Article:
When you’re travelling by canal, or on a canal boat holiday, you might be wondering where you can moor your canal boat.
Most visitor moorings on canals and rivers governed by the Canal & River Trust are often free of charge. You are permitted to moor almost anywhere alongside canal towpaths for no fee, as long as you are not causing an obstruction to the waterway. However, there may be certain privately owned sites that require a fee for overnight mooring. An example of this is the River Thames, as well as parts of the Kennet and Avon canal and Bristol Dock.
It’s important to note that these mooring places are usually short term – meaning your boat will only be able to stay there for a few days, and two weeks at most. This is because other canal users need to be considered, so always ensure you leave enough room for other boats to pass you and to moor near to you.
1. Decide where you want to moor your boat and stop short from this area with your boat straight. Move forward slowly and point the front of the boat towards the bank, using the reverse to stop the boat before it hits the bank.
2. The crew should then hop ashore, carrying the canal boat mooring ropes with them to begin the tying up process.
3. Tie up your boat to the bank with a rope from both the front and the back. Often, mooring sites will have bollards or rings to tie up to. Run your ropes at about 45 degrees from your boat, and then loop them back onto the boat to tie securely.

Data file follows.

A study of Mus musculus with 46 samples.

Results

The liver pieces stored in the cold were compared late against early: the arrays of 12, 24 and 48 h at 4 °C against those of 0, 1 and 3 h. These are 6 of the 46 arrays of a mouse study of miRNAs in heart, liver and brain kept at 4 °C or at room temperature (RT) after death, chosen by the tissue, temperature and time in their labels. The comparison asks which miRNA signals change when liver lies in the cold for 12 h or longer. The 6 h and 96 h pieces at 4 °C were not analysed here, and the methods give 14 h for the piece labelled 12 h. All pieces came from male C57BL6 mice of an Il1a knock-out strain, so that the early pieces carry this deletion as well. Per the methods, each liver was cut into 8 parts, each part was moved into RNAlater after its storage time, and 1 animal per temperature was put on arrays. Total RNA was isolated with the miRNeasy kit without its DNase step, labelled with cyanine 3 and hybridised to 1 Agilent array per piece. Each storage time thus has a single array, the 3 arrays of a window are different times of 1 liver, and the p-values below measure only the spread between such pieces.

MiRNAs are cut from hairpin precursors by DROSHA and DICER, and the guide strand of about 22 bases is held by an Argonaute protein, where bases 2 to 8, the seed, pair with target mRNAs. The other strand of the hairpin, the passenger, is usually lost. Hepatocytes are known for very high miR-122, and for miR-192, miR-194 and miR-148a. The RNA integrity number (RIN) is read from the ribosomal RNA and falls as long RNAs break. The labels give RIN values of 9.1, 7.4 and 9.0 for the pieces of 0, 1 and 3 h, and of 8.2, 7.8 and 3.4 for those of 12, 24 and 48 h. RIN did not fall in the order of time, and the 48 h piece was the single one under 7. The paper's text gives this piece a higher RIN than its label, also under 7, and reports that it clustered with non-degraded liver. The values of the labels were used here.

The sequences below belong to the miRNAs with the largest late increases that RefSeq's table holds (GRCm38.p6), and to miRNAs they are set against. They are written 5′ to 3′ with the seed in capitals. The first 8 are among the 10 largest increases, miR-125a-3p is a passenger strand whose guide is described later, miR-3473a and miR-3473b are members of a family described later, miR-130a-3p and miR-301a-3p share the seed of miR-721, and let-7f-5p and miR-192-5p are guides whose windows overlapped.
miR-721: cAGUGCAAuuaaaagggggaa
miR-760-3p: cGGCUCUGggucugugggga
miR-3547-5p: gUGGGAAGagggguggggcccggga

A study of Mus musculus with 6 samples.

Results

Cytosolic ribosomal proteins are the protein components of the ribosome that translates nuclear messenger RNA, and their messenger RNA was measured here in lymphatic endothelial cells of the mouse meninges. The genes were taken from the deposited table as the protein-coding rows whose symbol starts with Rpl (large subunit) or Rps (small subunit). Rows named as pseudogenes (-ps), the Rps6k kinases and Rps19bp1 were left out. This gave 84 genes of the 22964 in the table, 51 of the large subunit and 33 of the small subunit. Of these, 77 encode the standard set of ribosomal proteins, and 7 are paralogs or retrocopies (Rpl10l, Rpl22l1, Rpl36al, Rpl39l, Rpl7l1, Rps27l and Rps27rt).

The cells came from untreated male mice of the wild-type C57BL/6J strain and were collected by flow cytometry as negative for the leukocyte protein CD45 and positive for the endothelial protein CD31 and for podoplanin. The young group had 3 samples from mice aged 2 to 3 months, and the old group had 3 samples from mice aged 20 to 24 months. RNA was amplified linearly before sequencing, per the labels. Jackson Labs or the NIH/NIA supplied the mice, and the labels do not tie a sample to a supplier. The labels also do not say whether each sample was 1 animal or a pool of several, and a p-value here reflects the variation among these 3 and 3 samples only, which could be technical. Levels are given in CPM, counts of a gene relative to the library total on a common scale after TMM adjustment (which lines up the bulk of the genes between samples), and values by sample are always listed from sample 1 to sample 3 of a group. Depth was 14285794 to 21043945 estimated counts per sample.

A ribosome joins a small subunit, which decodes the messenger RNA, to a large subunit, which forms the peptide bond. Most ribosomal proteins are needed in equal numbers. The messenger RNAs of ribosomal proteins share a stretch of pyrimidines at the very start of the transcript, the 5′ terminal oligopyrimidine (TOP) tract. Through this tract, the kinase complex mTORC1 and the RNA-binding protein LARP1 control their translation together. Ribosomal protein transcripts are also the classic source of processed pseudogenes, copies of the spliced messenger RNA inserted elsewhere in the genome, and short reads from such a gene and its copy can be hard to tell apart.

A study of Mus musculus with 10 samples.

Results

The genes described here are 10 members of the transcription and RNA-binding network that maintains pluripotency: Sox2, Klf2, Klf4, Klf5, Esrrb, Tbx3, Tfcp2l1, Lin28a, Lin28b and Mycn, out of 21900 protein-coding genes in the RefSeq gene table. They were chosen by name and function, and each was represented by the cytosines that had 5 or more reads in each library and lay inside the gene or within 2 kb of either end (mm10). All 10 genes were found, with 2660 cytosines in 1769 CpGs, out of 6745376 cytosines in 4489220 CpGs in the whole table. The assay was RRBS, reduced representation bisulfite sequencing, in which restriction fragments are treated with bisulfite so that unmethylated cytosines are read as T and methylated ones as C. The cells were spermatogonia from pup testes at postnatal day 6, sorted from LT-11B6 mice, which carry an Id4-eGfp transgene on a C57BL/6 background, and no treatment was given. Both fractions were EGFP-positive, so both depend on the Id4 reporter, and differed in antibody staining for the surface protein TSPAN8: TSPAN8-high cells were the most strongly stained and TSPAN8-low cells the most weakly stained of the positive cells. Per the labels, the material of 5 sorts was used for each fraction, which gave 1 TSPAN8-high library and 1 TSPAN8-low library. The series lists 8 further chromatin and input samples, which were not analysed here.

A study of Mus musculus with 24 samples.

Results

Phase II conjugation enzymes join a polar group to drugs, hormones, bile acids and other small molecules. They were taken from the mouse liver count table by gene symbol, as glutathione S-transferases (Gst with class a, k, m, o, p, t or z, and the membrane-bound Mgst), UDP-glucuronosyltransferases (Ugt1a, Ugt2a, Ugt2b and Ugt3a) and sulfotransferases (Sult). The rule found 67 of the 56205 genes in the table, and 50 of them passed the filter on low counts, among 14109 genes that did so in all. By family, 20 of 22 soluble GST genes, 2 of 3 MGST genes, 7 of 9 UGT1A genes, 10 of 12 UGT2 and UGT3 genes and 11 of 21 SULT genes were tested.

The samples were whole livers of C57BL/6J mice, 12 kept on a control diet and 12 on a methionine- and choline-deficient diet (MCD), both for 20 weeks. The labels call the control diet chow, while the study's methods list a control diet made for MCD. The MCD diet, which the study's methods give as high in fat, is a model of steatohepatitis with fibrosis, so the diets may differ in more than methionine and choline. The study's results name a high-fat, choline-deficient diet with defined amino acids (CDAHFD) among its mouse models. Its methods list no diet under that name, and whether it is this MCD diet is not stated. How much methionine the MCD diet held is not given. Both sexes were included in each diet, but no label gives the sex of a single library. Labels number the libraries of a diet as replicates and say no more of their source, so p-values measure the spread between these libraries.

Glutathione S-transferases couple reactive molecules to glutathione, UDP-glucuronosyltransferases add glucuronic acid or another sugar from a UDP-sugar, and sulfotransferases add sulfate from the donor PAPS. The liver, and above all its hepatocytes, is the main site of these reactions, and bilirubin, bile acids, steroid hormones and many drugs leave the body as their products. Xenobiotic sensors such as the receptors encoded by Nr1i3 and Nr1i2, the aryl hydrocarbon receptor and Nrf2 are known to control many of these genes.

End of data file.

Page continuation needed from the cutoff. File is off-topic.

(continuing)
· Near swing or lift bridges
· In lock approaches or lock flights
· Near weirs
· By blind spots
· At junctions
· Near sharp bends
Residential moorings are offered all over the country by either private operators or navigation authorities. However, it’s worth noting that residential mooring is in very short supply – and vacancies attract a lot of interest, often sell for a large amount of money and go off the market very quickly. You’ll need to conduct thorough research into where you want to live on your boat and be vigilant to check for vacancies when they become available.
This is dependent on each particular mooring place – but you will be able to tell how long you are allowed to stay for by checking the signs. Most short stay moorings allow stays between 48 hours and 7 days.
It’s not typically possible to book short stay mooring places in most parts of the UK, as they are free of charge and are on a first-come-first-served basis. However, you can pre-book a mooring for a small charge when you’re visiting central London.
Service moorings are moorings next to water, sewage and refuse disposal points. It is recommended to only use these service moorings while you are using the facilities. When visiting London, you may find that the bollards used for service moorings are painted blue, whereas the bollards used for lock landings may be painted yellow. You might also see temporary/permanent signs which restrict the use of a location for a specific purpose, for example, a trip boat stop.
Now you know how to moor a canal boat, and the places you are able to moor your narrowboat, book your next canal boat holiday with ABC Boat Hire. Check out our canal routes and variety of canal boats now.